Despite it being available for nearly three years, Apple has removed a popular alternative YouTube client — ProTube — from the App Store, allegedly bowing to pressure by Google.
Google, which owns YouTube, first asked Apple to pull ProTube over a year ago on the basis that it violates the company's terms of service, developer Jonas Gessner said in a blog post. Similar takedown requests were reportedly directed against other YouTube clients.
Eventually Google insisted that Gessner stop making ProTube a paid title and disable all of its signature features, such as background playback and an audio-only mode. This would've rendered the app useless versus the official YouTube client, but since ProTube's arrival Google has launched YouTube Red, a service which includes some of ProTube's features — but for a monthly fee.
Gessner said he tried to negotiate with Google but found communication "very difficult," without the chance to get a direct response to questions. The company is said to have threatened legal action, and hanging over the process was the chance that Google would simply switch off ProTube's access to the YouTube API.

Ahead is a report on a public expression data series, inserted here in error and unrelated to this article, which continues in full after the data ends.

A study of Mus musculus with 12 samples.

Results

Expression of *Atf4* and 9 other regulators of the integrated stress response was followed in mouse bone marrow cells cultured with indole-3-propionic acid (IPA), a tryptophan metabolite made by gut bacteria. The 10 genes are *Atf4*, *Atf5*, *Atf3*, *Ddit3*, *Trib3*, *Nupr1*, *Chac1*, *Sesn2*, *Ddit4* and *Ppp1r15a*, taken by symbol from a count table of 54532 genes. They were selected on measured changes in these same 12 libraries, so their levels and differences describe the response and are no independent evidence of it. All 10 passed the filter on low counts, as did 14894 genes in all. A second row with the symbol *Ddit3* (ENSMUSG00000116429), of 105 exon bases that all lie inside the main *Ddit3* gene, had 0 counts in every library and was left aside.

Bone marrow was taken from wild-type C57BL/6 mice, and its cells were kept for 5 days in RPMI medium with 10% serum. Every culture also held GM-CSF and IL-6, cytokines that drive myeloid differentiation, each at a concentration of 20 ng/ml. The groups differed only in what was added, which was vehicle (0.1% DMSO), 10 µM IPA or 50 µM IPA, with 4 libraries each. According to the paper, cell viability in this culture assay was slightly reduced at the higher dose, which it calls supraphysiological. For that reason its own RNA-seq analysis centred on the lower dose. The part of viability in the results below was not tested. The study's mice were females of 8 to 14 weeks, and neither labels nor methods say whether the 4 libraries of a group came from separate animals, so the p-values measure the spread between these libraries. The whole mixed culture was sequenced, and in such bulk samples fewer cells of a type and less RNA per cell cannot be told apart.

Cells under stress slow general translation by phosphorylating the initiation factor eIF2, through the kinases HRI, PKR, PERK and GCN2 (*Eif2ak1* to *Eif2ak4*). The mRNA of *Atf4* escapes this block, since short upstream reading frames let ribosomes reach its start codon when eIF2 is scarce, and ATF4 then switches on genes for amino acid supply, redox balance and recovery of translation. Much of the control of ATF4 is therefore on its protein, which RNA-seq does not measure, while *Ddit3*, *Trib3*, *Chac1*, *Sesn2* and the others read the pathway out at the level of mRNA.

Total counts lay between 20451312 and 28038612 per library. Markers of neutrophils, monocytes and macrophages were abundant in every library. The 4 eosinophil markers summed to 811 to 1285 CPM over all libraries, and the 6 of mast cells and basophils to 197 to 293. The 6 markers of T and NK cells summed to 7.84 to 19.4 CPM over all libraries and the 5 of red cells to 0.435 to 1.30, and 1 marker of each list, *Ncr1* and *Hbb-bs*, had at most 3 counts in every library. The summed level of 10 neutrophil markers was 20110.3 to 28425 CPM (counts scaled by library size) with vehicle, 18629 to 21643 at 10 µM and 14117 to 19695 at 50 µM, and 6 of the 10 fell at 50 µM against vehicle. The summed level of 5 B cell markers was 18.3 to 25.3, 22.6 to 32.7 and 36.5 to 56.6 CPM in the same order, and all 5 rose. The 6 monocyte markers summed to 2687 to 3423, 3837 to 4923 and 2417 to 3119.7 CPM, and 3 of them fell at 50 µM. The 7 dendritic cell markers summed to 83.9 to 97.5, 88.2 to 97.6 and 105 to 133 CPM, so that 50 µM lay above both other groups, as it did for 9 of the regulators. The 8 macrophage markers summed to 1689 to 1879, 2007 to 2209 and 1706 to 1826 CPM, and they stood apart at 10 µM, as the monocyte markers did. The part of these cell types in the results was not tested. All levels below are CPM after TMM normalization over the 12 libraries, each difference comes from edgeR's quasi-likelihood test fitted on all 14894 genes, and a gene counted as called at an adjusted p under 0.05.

Ultimately Gessner found that letting the app get pulled was the best decision, since it would end the fight with Google while letting existing users hold onto the features they paid for.
ProTube 1 is still available on Cydia, a distribution system for jailbroken iPhones and iPads, but Gessner said that he decided against putting ProTube 2.x on the platform since relatively few people have jailbroken hardware, App Store purchases can't be carried over to Cydia, and Google might still pursue legal action.
Developers have sometimes complained that App Store rules can be fickle, making it hard to count on the store as a source of income. Last month, a group of 28 Chinese developers filed a related antitrust complaint.